In January Barna released a study which claimed “Generation Z” (born 1999-2015) is the first “post-Christian” generation. “More than any other generation before them, Gen Z does not assert a religious identity.”
The data then goes on to say 14% of GenZ is atheist, 13% is agnostic, 42% Christian (non-Catholic) and 17% Catholic (thus 59% Christian). One wonders how this can possibly be post-Christian.
A 2010 study from Pew notes the progressively less religiously affiliated nature of the generations.
But an important caveat is included in the Pew study:
Yet in other ways, Millennials remain fairly traditional in their religious beliefs and practices. Pew Research Center surveys show, for instance, that young adults’ beliefs about life after death and the existence of heaven, hell and miracles closely resemble the beliefs of older people today. Though young adults pray less often than their elders do today, the number of young adults who say they pray every day rivals the portion of young people who said the same in prior decades. And though belief in God is lower among young adults than among older adults, Millennials say they believe in God with absolute certainty at rates similar to those seen among Gen Xers a decade ago. This suggests that some of the religious differences between younger and older Americans today are not entirely generational but result in part from people’s tendency to place greater emphasis on religion as they age.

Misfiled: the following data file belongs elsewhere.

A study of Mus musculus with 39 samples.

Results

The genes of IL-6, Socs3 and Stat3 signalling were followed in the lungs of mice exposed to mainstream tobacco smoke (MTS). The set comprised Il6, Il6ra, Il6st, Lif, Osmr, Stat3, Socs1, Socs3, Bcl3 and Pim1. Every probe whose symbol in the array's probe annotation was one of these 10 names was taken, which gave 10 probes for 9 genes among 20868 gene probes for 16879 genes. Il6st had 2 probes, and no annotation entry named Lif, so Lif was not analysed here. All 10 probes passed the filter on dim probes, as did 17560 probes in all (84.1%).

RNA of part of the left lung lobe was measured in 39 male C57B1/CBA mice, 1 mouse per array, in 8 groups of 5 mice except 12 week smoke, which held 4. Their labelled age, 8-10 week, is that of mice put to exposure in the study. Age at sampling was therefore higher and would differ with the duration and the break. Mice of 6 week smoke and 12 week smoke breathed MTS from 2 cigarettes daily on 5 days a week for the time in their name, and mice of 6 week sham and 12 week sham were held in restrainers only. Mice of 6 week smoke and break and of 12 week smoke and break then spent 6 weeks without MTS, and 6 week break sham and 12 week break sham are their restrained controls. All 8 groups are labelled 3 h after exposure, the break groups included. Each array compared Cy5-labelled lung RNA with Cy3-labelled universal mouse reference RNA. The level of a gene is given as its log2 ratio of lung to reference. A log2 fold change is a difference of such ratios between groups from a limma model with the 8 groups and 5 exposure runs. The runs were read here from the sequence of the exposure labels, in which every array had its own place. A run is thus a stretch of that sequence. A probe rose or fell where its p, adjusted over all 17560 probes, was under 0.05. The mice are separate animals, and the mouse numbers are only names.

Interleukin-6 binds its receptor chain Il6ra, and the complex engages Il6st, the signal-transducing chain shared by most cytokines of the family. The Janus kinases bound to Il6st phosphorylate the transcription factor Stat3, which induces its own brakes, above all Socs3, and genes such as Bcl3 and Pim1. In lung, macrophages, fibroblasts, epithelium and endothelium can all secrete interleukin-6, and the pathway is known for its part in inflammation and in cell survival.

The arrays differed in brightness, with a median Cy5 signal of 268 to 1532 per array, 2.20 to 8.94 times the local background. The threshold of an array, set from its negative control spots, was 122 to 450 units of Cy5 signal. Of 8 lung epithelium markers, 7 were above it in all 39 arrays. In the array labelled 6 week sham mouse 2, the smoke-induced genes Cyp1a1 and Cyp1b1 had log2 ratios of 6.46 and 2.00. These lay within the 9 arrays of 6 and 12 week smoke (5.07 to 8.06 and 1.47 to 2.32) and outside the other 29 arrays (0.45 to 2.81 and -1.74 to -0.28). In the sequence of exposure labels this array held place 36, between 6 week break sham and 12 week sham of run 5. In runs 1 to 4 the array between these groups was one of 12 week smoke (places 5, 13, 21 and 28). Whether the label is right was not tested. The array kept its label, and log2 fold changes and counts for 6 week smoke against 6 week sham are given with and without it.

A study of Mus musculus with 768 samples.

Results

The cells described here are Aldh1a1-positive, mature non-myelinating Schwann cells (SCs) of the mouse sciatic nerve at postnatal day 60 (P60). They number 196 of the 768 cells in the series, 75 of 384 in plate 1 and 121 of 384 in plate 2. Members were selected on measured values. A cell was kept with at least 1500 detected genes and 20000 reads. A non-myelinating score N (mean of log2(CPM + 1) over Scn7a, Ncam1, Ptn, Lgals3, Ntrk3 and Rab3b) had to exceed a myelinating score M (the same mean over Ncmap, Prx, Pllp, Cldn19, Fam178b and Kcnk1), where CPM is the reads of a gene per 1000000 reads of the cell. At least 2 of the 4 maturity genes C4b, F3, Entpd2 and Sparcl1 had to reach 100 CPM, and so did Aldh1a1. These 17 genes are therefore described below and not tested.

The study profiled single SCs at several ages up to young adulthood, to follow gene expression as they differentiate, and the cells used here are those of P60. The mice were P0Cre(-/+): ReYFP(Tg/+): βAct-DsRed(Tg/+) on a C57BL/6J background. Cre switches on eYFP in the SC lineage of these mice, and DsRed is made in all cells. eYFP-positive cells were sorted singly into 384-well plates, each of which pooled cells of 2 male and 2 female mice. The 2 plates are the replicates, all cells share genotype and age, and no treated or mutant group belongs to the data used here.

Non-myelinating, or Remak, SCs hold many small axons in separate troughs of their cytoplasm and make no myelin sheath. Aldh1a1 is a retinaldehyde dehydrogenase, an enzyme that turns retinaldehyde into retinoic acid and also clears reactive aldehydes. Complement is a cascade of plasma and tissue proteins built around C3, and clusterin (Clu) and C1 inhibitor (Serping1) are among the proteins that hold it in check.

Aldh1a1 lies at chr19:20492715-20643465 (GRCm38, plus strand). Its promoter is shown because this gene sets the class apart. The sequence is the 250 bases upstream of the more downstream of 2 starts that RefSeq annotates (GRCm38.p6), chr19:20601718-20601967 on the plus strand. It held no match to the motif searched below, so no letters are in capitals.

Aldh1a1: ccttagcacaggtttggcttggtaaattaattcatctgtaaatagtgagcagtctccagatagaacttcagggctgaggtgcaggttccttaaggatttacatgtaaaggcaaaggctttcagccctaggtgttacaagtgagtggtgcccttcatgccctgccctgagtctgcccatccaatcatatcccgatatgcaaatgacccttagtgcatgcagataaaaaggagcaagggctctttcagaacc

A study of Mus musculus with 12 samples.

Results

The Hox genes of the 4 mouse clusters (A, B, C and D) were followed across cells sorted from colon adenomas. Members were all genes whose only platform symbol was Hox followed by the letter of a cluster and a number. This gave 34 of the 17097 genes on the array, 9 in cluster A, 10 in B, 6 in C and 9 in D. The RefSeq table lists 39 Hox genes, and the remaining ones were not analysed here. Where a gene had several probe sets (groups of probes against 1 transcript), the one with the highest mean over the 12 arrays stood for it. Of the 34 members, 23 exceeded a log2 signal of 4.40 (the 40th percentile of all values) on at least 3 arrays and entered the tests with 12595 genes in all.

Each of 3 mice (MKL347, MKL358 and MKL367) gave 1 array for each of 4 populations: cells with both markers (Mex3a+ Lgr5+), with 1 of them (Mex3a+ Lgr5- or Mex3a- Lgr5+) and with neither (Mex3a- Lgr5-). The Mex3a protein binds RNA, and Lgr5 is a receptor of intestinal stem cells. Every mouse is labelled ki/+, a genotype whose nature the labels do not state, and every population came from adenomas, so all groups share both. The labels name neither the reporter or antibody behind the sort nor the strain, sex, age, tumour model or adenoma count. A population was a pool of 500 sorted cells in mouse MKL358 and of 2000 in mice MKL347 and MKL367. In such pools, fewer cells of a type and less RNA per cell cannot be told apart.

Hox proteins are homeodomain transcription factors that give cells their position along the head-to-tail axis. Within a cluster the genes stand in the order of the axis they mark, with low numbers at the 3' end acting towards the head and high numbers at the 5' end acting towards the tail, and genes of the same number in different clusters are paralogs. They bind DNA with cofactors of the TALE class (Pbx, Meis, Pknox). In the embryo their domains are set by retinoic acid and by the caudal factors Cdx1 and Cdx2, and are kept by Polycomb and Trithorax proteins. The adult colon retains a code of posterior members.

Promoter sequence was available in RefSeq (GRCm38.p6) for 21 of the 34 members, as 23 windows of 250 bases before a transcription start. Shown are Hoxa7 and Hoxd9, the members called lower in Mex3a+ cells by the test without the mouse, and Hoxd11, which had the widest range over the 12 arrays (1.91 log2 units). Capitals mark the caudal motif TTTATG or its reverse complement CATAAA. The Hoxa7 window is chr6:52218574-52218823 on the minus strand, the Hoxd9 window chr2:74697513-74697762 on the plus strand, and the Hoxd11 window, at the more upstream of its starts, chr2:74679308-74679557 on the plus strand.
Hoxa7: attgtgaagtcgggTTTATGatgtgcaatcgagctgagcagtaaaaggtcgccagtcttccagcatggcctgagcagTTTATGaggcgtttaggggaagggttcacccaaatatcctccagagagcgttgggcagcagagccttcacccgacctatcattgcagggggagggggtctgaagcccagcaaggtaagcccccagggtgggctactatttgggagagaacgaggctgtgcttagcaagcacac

In other words, just because young people say they are non-religious today, doesn’t mean they will always. It could be the Barna data is a function of their current age.
And there are other reasons for the change: it’s likely not a change in the number who actually attend church, but rather a change in how those who are non-church-attenders talk about their lack of attendance. See this, and this with data from Rodney Stark (with chart back to 1974), about how the % attending weekly church services hasn’t changed.
Also look at this “40-year-study that shows us what’s different about GenZ” – but again, don’t expect these things to be fixed in cement. Generations change.